Once considered exclusively blue-collar workwear, denim has become a cornerstone of the global wardrobe. Denim popularity wavered in places like the United States in the 1950’s, becoming a symbol of rebellion over a sign of a worker. Later, in the late 1980’s, denim became a high fashion staple seen on runways in the United States and worldwide.
Because of the limited number of mills in the United States to produce the fabric, the vast majority of denim produced in the United States came from the same source – the Cone Mills plant in North Carolina, which sadly is no more. Because of this, the fade patterns in American denim are similar and more consistent with one another. While some people prefer the classic look of the American denim, those looking for more variety in color, texture, and fades than standard American denim might find themselves looking at other sources. This is where Japanese denim comes to the rescue! Unlike their American counterpart, Japanese denim mills are more adventurous with their production and seek to explore the different ways of producing a variety of colours, fade patterns and textures. Today’s Japan has possibly the most interesting and experienced denim mills in the world
Japanese dyeing techniques are based on centuries of experience. Japan has long experimented with textile dyeing, even before the existence of denim. Their rich history in textile dyeing dates all the way back to the production of kimonos from hundreds of years ago. With such a background, many Japanese denim mills tend to experiment more with their colours, resulting in innovative details like the indigo warp/black weft and natural persimmon dyes.
A prime example for this would be Samurai Jeans recent Book of Five Rings collection:
The fading in American denim is more even and consistent, giving a vintage color and feel to these jeans. The blue hues developed from a well-worn pair of American denim are easily recognizable from its classic faded patterns, as compared to the high-contrast fading that Japanese denim produce (of course, this also depends on the frequency of washing the denim, as well!).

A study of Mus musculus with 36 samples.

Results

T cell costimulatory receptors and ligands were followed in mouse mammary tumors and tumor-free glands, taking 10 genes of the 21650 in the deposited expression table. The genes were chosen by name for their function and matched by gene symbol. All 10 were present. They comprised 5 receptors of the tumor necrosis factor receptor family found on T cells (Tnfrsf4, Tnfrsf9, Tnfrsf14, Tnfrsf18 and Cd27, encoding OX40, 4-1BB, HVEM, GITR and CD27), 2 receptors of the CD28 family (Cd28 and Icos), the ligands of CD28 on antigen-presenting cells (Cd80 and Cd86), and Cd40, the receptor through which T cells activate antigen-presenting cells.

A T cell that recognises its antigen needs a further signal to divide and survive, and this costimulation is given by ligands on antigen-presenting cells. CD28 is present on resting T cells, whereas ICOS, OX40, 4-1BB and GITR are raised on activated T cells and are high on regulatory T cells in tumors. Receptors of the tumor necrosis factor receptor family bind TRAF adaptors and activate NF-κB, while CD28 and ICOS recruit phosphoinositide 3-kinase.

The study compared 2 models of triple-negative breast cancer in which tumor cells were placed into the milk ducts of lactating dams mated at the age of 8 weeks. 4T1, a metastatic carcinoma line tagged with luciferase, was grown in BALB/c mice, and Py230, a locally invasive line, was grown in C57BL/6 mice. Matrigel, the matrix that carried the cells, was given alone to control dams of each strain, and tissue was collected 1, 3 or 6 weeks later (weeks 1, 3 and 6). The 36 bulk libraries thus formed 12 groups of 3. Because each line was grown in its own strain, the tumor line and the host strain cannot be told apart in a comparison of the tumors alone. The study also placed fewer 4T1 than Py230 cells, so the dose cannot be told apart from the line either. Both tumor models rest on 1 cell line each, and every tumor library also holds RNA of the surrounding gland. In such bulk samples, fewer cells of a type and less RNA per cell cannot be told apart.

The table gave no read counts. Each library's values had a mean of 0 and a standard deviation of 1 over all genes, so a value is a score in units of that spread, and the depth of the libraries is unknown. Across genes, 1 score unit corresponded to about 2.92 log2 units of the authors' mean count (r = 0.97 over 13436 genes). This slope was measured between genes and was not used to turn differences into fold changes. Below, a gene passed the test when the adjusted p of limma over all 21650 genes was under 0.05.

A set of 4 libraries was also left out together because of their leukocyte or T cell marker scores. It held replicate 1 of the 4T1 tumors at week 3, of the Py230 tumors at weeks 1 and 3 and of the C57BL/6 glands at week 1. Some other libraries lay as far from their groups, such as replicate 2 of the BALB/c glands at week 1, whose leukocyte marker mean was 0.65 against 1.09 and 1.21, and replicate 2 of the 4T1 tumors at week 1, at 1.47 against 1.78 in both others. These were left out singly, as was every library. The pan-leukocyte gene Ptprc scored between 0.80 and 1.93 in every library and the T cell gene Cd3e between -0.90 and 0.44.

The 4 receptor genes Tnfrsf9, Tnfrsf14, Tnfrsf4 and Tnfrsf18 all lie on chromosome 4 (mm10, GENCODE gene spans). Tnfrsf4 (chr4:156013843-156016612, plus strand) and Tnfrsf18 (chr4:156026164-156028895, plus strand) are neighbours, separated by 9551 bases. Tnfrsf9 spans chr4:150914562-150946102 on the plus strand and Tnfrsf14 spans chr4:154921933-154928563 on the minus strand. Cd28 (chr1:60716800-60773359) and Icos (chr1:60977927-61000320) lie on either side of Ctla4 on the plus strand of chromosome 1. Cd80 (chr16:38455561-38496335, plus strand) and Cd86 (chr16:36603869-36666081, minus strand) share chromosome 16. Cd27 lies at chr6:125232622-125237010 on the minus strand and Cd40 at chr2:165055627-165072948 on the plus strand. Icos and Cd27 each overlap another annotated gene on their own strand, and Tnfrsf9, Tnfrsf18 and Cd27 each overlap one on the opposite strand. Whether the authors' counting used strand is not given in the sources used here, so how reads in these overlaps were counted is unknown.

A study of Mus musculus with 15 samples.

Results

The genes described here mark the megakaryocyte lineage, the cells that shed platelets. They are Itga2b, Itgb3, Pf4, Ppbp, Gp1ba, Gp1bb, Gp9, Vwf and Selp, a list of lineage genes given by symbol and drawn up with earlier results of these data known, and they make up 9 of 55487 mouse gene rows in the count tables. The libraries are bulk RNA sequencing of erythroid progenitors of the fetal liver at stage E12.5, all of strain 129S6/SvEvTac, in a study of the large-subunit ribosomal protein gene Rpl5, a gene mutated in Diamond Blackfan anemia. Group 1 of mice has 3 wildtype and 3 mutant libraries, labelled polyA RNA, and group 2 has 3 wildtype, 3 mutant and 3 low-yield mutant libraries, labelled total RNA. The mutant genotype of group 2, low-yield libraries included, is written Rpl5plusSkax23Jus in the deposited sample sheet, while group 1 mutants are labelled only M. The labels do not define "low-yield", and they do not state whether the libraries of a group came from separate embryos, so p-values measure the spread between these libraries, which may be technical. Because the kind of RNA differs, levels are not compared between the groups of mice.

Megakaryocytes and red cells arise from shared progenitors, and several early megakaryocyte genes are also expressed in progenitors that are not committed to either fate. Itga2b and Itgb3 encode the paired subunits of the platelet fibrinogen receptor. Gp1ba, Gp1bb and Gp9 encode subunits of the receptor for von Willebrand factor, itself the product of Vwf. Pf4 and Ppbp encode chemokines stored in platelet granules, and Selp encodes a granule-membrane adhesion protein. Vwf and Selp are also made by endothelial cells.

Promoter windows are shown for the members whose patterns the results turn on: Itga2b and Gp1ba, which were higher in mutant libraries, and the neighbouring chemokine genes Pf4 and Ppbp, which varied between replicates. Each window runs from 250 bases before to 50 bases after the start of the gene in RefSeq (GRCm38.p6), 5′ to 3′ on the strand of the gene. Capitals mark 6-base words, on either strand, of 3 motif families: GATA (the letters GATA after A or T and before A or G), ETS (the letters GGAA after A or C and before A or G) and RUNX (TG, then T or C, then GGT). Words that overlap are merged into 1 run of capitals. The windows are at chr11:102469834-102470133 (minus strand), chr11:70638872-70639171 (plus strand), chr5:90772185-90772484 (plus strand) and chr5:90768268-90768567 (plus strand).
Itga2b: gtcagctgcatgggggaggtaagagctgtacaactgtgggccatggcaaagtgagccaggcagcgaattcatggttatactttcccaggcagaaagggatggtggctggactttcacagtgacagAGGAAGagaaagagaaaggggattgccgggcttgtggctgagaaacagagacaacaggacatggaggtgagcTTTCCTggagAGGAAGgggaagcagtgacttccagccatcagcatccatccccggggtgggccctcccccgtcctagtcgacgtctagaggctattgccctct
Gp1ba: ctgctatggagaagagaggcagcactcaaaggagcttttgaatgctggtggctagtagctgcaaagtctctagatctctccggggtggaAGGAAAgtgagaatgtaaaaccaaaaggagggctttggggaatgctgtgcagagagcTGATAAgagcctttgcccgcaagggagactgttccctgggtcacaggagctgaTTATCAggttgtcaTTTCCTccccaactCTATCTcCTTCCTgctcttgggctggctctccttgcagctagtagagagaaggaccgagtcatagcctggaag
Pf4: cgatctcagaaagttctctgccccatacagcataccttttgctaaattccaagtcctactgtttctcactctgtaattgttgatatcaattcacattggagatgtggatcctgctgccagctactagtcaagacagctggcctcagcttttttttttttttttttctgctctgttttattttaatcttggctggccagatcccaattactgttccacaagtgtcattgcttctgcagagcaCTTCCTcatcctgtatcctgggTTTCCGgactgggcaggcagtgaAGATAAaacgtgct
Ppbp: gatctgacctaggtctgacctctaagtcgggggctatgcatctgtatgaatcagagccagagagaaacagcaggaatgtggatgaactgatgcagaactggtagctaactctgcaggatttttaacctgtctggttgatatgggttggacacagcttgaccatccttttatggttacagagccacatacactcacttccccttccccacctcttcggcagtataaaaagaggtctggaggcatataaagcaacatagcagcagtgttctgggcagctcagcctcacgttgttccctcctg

Because of the dominance of the Cone Mills plant in America, denim that utilizes Cone’s White Oak fabrics are relatively consistent in their looks and textures. Denim produced by Cone Mills is woven using vintage shuttle looms- American Draper x3’s dating back to the 1940’s. Denim produced using the Draper x3’s have generally smoother and softer surfaces compared to Japanese denim. This quality is sometimes attributed to the bounce of the machinery off White Oak’s hardwood floors while in use, though this fact is still somewhat speculated by many.
Japanese denim on the other hand is woven on Toyoda looms that result in uneven and less consistent textures. Japanese denim is often stiffer than denim one might find elsewhere, due to it being loomstate, or, completely unchanged from the loom. It hasn’t been shrunk, washed or mercerized. It is pure denim. The rigidity that comes with this often means this denim will have a more uncomfortable break-in period, but one that will mold to your skin and become better with each wear.
Another great element Japanese denim has to offer is the variety of fabric weights produced by their denim mills. While Japanese mills produce plenty of lightweight denim, most denim 20 oz. or more come from Japan. Japanese denim has a wider range of choices to cater for different preferences of denim lovers. In comparison, most high-end American denim sits around the 14oz mark.
This is not strictly about denim but it plays an important role nonetheless: Japanese brands have a tendency to obsess over even the smallest detail. There are brands like COTTLE who hand cast every single top button in iron by hand.
So Which One Is Better?
At the end of the day, it all comes down to personal preference. Some people love the classic and vintage feel of American denim while those who prefer more variety in textures, weight, and colours might opt for Japanese denim.
There remains no clear winner for which is the better fabric, however, if you are looking for more variety in your denim wardrobe, Japanese denim might be for you. The variety in texture, weight, and color offers you a world of possibility.